This morning, Ubudians were greeted by the unusual sight of a bright and sunny day; skies a perfect shade of blue that augurs well for people living in the tropics – and who’ve suffered under the weeks-long strain of relentless rains. It gives them (me included) space to breathe, a chance to hang clothes outside to dry, and to walk a few blocks without being pelted by sheets of falling water.
After too much time spent under grey skies and near-constant threat of downpours, thunder showers, flooding and power outages, this day’s dawning came as a welcome break.
Undoubtedly, for many people in and around Ubud (primarily tourists) this sudden shift in weather came as a surprise. Not at all to me. Although I am far from religious, my spiritual inclinations (and appreciation for the quirks of Balinese life) lead me to some uncanny knowings: For example, I simply KNEW that the sun would shine today. So much so that I would have bet my eye teeth, life savings and future earnings on this outcome. I might have even counseled others to do the same.
I don’t claim to possess a direct WhatsApp line to the source up there. Rather, it all boils down to what the royals want.. because a royal cremation was held here today (apparently the first such ritual honouring a foreign-born member of royalty: Ibu Nelly Sukawati (nee Luchsinger), wife of one of the late Tjoks / princes of Ubud.) And I had a hunch that the royals wouldn’t want a flooded sendoff for Nelly’s recently-deceased spirit.
The weeks of rain leading up to today’s cremation made the time-consuming and pedantic work of building the bamboo platforms, colourful bade and lembuh (bull, where the body is placed) a daily challenge; soaked male villagers took refuge under tarps, and under royal pavilions protected from the drizzle.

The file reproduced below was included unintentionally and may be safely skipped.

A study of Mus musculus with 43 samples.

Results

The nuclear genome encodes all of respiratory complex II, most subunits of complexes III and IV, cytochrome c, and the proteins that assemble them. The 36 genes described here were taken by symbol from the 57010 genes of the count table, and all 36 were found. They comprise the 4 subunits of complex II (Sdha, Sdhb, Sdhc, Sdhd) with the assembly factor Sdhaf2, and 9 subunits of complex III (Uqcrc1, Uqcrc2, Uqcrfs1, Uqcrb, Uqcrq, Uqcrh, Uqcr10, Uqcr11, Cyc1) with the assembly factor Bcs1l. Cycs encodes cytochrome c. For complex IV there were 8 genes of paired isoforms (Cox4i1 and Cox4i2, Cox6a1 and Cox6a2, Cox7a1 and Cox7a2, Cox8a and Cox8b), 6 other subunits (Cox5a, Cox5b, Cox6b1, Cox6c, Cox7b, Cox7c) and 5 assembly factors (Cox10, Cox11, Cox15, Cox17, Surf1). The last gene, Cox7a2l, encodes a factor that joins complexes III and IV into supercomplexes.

Even though rain is at times considered a good omen, downpours still make for a messy procession and smudged makeup, and it doesn’t bode well for the female royals who even under perfect conditions often look as if they’re about to topple off stilettos as they parade down the main road towards the cremation site. Adding a rain shower and umbrellas not only floods the roads, but seriously dampens the otherwise celebratory mood. Yes. Celebratory. For a cremation. Sort of. You had / have to be there / here…
My guess is that one of Nelly’s relatives poo-pooed the idea of letting nature run its (current) course; and called out the big guns. Which, in such a case, means cloud-busters – aka rain-stoppers.
They were in fine form today, these clouds-and-rain-interveners. The normally thick and threatening, low-lying grey formations were nowhere in sight. If you watched movements in the sky, you could almost notice clouds hovering afar, then moving back into Ubud’s atmosphere – but only once the corpse had burnt to a crisp and the flames died down; once the relatives came and went – and had collected precious remains; and once all the balloons had been purchased and the food consumed.
By late afternoon, certainly by 5, as the sun began its descent towards the horizon, the clouds rolled in overhead. It’s more than likely that sometime overnight, we’ll receive the brunt of whatever was held back from being unleashed today from the holy heavens of Ubud…
Amit, we’re experienced a few of these downpours, and from what we’ve seen, these storms would not be conducive to a cremation for a mouse, let alone a human. Funny, it’s not something that I’d ever thought about, but I’m sure that the Balinese will have a spiritual answer to the poor timing of the bad weather. ~James
Terrific post Amit ~ I so enjoy reading you! Wow it has still been raining from the time we were there…that is a LOT of rain. You should offer your services for the weather channel!
I don’t think a weather channel would prove popular in Bali: Today’s weather is (1) hot; (2) dry or (3) rainy. No other options 😉 But thanks!